Canon’s performance specs for the PIXMA MG2150 are modest and therefore more likely to be truthful. It claims black text speeds of up to 8.4ppm and under test we saw 6.8ppm on our 5-page text document, rising to 6.9ppm on the 20-page one. These are close to claims and fair speeds for what is a budget machine. Colour speeds aren’t so promising.
Printing our 5-page black text and colour graphic page produced just 1.7ppm, against a spec of 4.8ppm. This was mainly due to a series of pauses during printing, when the printer appeared to be doing nothing. We repeated the test, to check it wasn’t an aberration, and saw an identical time. We expect pauses in duplex print to allow for ink drying, but they are unusual in single-sided print.
The machine also sometimes performed housekeeping tasks amounting to 30s or more before starting printing. It was only fair at copying, too, taking 45s for a single colour page copy. A 15 x 10cm photo printed at best quality on Canon Platinum Pro paper took 1:37. This is no speed merchant.
Print quality is very good for an inexpensive printer, with dense, sharp black text and faithful colours. There’s a little bit of fuzz around emboldened headings, but nothing to get too worried about and the fast, draft mode is very serviceable. Photos are as good as any you’ll see from a printer under £100, with natural colours and sharp images.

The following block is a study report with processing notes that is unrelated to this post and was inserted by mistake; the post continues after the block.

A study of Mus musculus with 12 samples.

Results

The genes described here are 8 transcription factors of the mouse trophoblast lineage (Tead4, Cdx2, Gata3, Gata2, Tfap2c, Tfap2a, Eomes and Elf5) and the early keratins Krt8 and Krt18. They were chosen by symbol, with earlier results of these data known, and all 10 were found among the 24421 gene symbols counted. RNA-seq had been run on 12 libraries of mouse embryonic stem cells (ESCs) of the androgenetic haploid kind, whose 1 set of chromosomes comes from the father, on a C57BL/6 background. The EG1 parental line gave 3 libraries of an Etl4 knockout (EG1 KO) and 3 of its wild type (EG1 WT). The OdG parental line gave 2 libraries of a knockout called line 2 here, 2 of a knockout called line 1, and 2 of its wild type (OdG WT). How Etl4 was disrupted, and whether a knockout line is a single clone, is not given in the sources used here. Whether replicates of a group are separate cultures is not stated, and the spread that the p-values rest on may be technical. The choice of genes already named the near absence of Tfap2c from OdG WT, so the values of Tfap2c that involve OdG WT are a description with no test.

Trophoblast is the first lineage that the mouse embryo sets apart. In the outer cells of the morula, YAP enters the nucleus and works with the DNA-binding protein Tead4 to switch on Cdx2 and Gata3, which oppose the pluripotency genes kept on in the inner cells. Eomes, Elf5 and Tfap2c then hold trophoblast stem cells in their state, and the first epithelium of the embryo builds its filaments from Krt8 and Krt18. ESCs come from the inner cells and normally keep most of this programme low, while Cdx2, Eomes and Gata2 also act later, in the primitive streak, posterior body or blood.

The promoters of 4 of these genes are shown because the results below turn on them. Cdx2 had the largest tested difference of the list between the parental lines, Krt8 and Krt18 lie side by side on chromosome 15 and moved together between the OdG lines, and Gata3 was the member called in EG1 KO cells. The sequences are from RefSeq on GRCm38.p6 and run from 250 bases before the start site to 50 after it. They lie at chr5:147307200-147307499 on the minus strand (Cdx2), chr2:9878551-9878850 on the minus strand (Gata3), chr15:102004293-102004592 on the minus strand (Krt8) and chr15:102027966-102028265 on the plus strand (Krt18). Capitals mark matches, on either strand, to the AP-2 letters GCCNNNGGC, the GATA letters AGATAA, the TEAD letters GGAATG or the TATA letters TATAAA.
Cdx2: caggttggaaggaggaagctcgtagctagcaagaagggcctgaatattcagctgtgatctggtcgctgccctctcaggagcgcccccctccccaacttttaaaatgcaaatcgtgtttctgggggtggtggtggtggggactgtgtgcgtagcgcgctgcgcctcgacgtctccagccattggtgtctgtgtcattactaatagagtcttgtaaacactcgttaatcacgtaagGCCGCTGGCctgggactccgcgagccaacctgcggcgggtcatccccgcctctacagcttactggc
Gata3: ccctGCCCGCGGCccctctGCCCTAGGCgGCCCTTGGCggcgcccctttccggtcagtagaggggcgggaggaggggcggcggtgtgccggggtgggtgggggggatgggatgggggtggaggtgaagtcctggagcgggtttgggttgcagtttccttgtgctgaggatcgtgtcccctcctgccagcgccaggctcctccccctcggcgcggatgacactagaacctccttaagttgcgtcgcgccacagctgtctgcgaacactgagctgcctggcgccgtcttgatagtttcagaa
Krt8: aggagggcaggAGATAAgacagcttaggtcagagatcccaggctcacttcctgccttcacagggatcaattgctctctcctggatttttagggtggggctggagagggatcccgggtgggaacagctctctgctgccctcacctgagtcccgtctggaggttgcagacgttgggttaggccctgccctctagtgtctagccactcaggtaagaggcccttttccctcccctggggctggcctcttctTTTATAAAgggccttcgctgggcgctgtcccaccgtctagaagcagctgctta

There are only two cartridges in this machine; one black and the other tri-colour, but they are available in two capacities, with the high yield parts offering 600 and 400 pages, respectively. At the best prices we could find, this gives a black page cost of 3.9p and a colour one of 8.5p.
These are good costs for a budget machine; manufacturers often boost consumable prices to recoup low selling prices. Both black and colour are lower than from the HP Deskjet 1050, for example.
This is a good, budget all-in-one, which is easy to use and maintain, though it’s paper feed system doesn’t show Canon’s normal design flair. Black speed is good and printed output is as good as from more expensive machines, but there are too many pauses in colour jobs. At least long term running costs are low, given the asking price, and worth balancing off against printers with a lower initial price tag.